Six Years And Counting!

RecoveryYesterday marked six years that I have been clean & sober, and while I don’t really make a big deal out of it myself, I know the significance is the fact that other people in recovery can benefit by realizing that change IS possible – one day at a time.

When I was incarcerated from 1998 to 2004 in various correctional facilities in upstate New York, I started going to many Alcoholics Anonymous, Narcotics Anonymous, and Gamblers Anonymous meetings because I was so disappointed with myself and upset over getting arrested for robbery, which I knew was a direct result of my past addictions to alcohol, drugs and gambling.

However, I had reservations about whether or not I was actually going to remain clean once I came home a free man, and, sure enough, about 18 months after that day finally arrived, I did suffer a relapse.

Fortunately, though, I woke up on the morning of Wednesday, October 31, 2007 (the fact that it was Halloween was a mere coincidence), and decided right then and there that I had enough of my destructive lifestyle, and finally wanted to change!

I am proud to say that I have not only refrained from using since then, but also amended other aspects of my life for the better as well.

My temper is under control, I think things through first, rather than acting out impulsively, I don’t litter, I always have a smile on my face, and perhaps, sweetest of all, I continue to spread the message of recovery to those who are still sick and suffering.

It may have taken a very long time, but I now realize that I am not responsible for my disease, but am responsible for my recovery.

Obviously, I can’t turn back the hands of time and undo the pain and aggravation I caused myself, my family, and so many others, so the next best thing is to try and be the most honorable person possible every single day going forward!

In closing, one final point I want to stress to all of you reading this right now is that, regardless of how you are feeling inside, NEVER keep things bottled up.

Either talk to someone in person, reach out on the phone, or at the very least, write down your feelings on paper.

And continue to be the role model you have become for so many people – even if you are not conscious of this fact yet yourself!

About gman18

I came into the world on October 18, 1961. John F. Kennedy was President of the United States. The film West Side Story was released, and would go on to win Best Picture at the Academy Awards. Major League Baseball was celebrating Roger Maris of the New York Yankees, who hit a then-record 61 home runs that season. I was an excellent student, although a bit of a class clown too. I spent a majority of my time playing sports, but fell in love with newspapers, which was how I was initially introduced into writing and storytelling. While attending Kingsborough Community College from 1979-1981, I served as editor-in-chief of the school's paper, and then joined the staff at Long Island University's Seawanhaka for my junior and senior years. At L.I.U. where I earned my Bachelor of Arts Degree in Journalism in 1983, I was also a selected member of Sigma Delta Chi, as well as Who's Who Among Students in American Universities & Colleges. My last year in college included an unpaid internship at WCBS-TV, Channel 2 in New York City, where I learned so much about the television business. Upon graduation, I landed a job at the network, starting as a news clerk for The CBS Morning News with Diane Sawyer, and also weekend shifts for The NFL Today with Brent Musburger. After quickly rising in the ranks to producer, my life suddenly went on a downward spiral due to addictions to alcohol, drugs and gambling, which ultimately led to nearly six years behind bars for robbery. My time incarcerated gave birth to my first published book, Jew in Jail, which tells my true story of how I finally decided to deal with my addictions and turn my life around, all the while under the toughest conditions imaginable of being a minority in the prison system, forced to fend for myself. Writing Jew in Jail - as I was doing my time - allowed me to become very introspective, and realize that I could help others in similar situations of being an addict and/or living with low self-esteem. Today, I still reside in my hometown of Brooklyn, New York, where I am working on my next book project, continuing to promote Jew in Jail, and always helping other addicts through my motivational and inspirational speeches, and one-on-one consultations.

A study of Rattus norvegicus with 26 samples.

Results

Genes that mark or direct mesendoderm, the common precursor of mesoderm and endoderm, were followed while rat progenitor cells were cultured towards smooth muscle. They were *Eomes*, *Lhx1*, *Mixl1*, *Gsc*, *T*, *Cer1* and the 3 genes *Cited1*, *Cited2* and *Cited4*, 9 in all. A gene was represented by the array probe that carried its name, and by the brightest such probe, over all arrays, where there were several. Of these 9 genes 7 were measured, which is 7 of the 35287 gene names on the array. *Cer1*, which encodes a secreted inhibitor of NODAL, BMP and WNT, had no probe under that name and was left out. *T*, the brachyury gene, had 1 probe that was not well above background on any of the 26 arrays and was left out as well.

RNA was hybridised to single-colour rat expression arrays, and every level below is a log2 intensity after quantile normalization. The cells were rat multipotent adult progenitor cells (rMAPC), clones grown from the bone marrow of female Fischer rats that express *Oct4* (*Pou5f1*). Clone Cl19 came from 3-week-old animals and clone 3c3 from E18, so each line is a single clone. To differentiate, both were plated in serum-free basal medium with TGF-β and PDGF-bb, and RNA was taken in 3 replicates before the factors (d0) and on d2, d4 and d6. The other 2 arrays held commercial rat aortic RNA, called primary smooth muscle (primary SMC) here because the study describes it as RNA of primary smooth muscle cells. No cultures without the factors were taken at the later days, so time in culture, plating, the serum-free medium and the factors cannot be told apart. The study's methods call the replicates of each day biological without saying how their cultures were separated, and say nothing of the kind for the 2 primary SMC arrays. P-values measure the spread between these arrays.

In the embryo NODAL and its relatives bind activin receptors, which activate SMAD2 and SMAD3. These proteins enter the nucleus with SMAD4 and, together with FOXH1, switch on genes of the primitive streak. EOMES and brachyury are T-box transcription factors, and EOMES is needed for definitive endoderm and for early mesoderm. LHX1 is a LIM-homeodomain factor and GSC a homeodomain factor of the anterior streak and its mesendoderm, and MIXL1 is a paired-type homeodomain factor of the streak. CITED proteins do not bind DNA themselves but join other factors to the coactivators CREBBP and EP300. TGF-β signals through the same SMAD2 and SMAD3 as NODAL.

1. Thank you for sharing. . . you give me hope. And a huge congratulations on 6 years! That! Is! Awesome!!!

    • gman18 says:

      You are so very welcome, Karen, and thanks for your inspiring feedback.

      As addicts, we can accomplish anything we put our minds to, including staying clean & sober one day at a time.

      Thanks again, and I wish you nothing but continued success on your journey!


  2. Reblogged this on TheBrokenVessel Speaks! and commented:
    Good friend of mine who has recently celebrated an important milestone!